AMID the Makabayan bloc at the Lower House’s repeated denial of their links with the CPP/NPA/NDF and their refusal to condemn the New People’s Army’s atrocities in the countryside, a daughter of Bayan Muna party-list Representative Eufemia Cullamat was killed in a gunbattle with Army soldiers in Marihatag, Surigao del Sur last Saturday.
Cullamat herself confirmed the killing of her 22-year old daughter Jevilyn but said she understood why her daughter joined the armed revolutionary movement. Both belong to the Manobo tribe.
The Philippine Army said Jevilyn was killed in an encounter with Army Special Forces in Barangay San Isidro, Marihatag where she was known to have served as an NPA medic.
Officials said that the identity of the young Cullamat was confirmed by former NPA rebels who have surrendered to the government.
Army 4th Infantry Brigade commander, Brigadier General Allan Hambala said they recovered three AK-47 rifles, an M14 automatic rifle, and one M653 5.56 caliber rifle, as well as five backpacks containing war materials and subversive documents at the scene of the clash.
Hambala condoled with the family of Cullamat and urged indigenous people to condemn the NPA’s “exploitation of IPs (indigeous peoples).
“While there are issues concerning the IPs, violent, armed, and terrorist struggle will never be the right solution to it,” he said.
Cullamat defended her slain daughter’s decision to join the NPA movement.
“Di ako nagtataka kung sumapi sa NPA ang aking anak dahil sa patuloy na nararanasan naming mga katutubo sa mga pagmamalupit at pang-aabuso ng AFP (Armed Forces of the Philippines) at ng kanilang mga paramilitary groups. Naranasan mismo ito ng aming pamilya,” Cullamat said in a statement.
The lawmaker said her daughter was already of legal age when she decided to join the NPA. “Naniniwala ako na makatwiran ang kaniyang ipinaglalaban pero ibang porma ang kanyang pinili para mapigilan ang pambubusabos sa aming mga lumad at katutubo at para magkaroon din ng makatarungang lipunan,” she added.
The death of the young Cullamat occurred days after several former and current party-list representatives on Tuesday last week categorically denied that they are members of the Communist Party of the Philippines (CPP) and its armed wing, the NPA but refused to condemn the atrocities committed by communist rebels in different parts of the country.
Bayan Muna Rep. Carlos Zarate, Kabataan Party-list Rep. Sarah Elago, and former Bayan Muna representative Neri Colmenares rejected government allegations that they were sitting as legal fronts of the communist movement.
Bayan spokesperson, former Bayan Muna Rep. Teddy Casiño even said that communist insurgents should not be considered as state “enemies.”
“We may not agree with their program, we may not agree with the way they are pushing their agenda but ang attitude namin sa kanila ay we engage because we recognize that their struggles are rooted in legitimate issues and grievances of our people,” Casiño said when Sen. Panfilo ‘Ping’ M. Lacson asked if they were ready to condemn the insurgents.
Lacson said he could not reconcile why some lawmakers who were elected into office and now part of the government could not stand with state forces in condemning NPA’s atrocities.
“If I was not part of the government, then I’m free not to denounce them, but I’m in that government,” he said, referring to the House of Representatives’ Makabayan bloc members.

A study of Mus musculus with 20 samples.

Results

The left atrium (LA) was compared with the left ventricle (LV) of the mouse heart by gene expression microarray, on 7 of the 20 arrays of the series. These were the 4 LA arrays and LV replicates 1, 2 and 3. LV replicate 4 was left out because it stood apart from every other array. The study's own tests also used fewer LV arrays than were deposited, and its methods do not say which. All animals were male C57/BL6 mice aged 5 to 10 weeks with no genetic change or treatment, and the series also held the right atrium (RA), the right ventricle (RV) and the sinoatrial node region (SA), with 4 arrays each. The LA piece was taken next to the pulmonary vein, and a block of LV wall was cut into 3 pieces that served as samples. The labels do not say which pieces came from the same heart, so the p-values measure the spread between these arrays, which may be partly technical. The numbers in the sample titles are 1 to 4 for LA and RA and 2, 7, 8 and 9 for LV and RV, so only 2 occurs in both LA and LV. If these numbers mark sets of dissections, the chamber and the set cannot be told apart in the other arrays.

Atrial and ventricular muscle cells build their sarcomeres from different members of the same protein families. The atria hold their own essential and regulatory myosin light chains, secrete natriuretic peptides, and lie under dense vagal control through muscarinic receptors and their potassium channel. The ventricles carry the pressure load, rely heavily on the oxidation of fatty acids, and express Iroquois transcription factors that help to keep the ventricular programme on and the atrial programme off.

Communications Undersecretary Lorraine Badoy chimed in, saying it was alarming that some government officials refuse to denounce the communist rebels’ illegal acts.
“Seryoso po ito na ang mga kongresista mismo ay ayaw nilang kondenahin ang dapat kondenahin,” said Badoy as Casiño maintained that those who are engaged in rebellion should not be judged as Enemies of the State if their struggle is rooted in valid social issues.
LORENZANA ORDERS REVIEW OF PROTOCOL IN HANDLING BODIES OF SLAIN NPA MEN
Defense Secretary Delfin N. Lorenzana yesterday ordered a review of the Armed Forces’ protocol in handling bodies of rebels killed in gunbattles with soldiers amid claims by the Makabayan bloc that the body of Jevilyn was desecrated by soldiers.
The leftist lawmakers accused the AFP of using the remains of Jevilyn as a ‘trophy’ for propaganda purpose.
Following the encounter, the military shared a photograph of soldiers posing with Jevilyn’s body alongside firearms and communist flags found after the clash. The photo was taken down later.
“What the military was doing was normal,” Lorenzana said. He added that it has been a longtime practice to show bodies of Abu Sayyaf bandits and other lawless elements slain in firefights in the countryside in the past.
“Maybe we should study how to protect the dignity and privacy of families. These people did not just pop up, but they have families,” he said.
Lorenzana said he has asked the AFP leadership to look into how they can treat slain rebels better.
However, AFP spokesman, Major Gen. Edgard Arevalo denied the claims made by the Makabayan bloc regarding the ‘war trophy’ issue.
“We vehemently deny that,” he said while explaining that soldiers posing for a photo beside Jevilyn’s body was “not meant to scoff at the dead or demean the remains whose identity is not known to the soldiers.”
Arevalo said it was “not an AFP policy to pass a photo like that.” “A similar act constitutes a violation of our stringent policy,” he said.
According to the official, the incident is now being investigated and the military personnel who shared the controversial picture with the public would likely face sanctions.
According to Arevalo, SF troopers had to carry the body of Jevilyn for ‘half a day’ in order to bring her to a much safer place since she was left behind by her comrades as they made a hasty retreat to save themselves.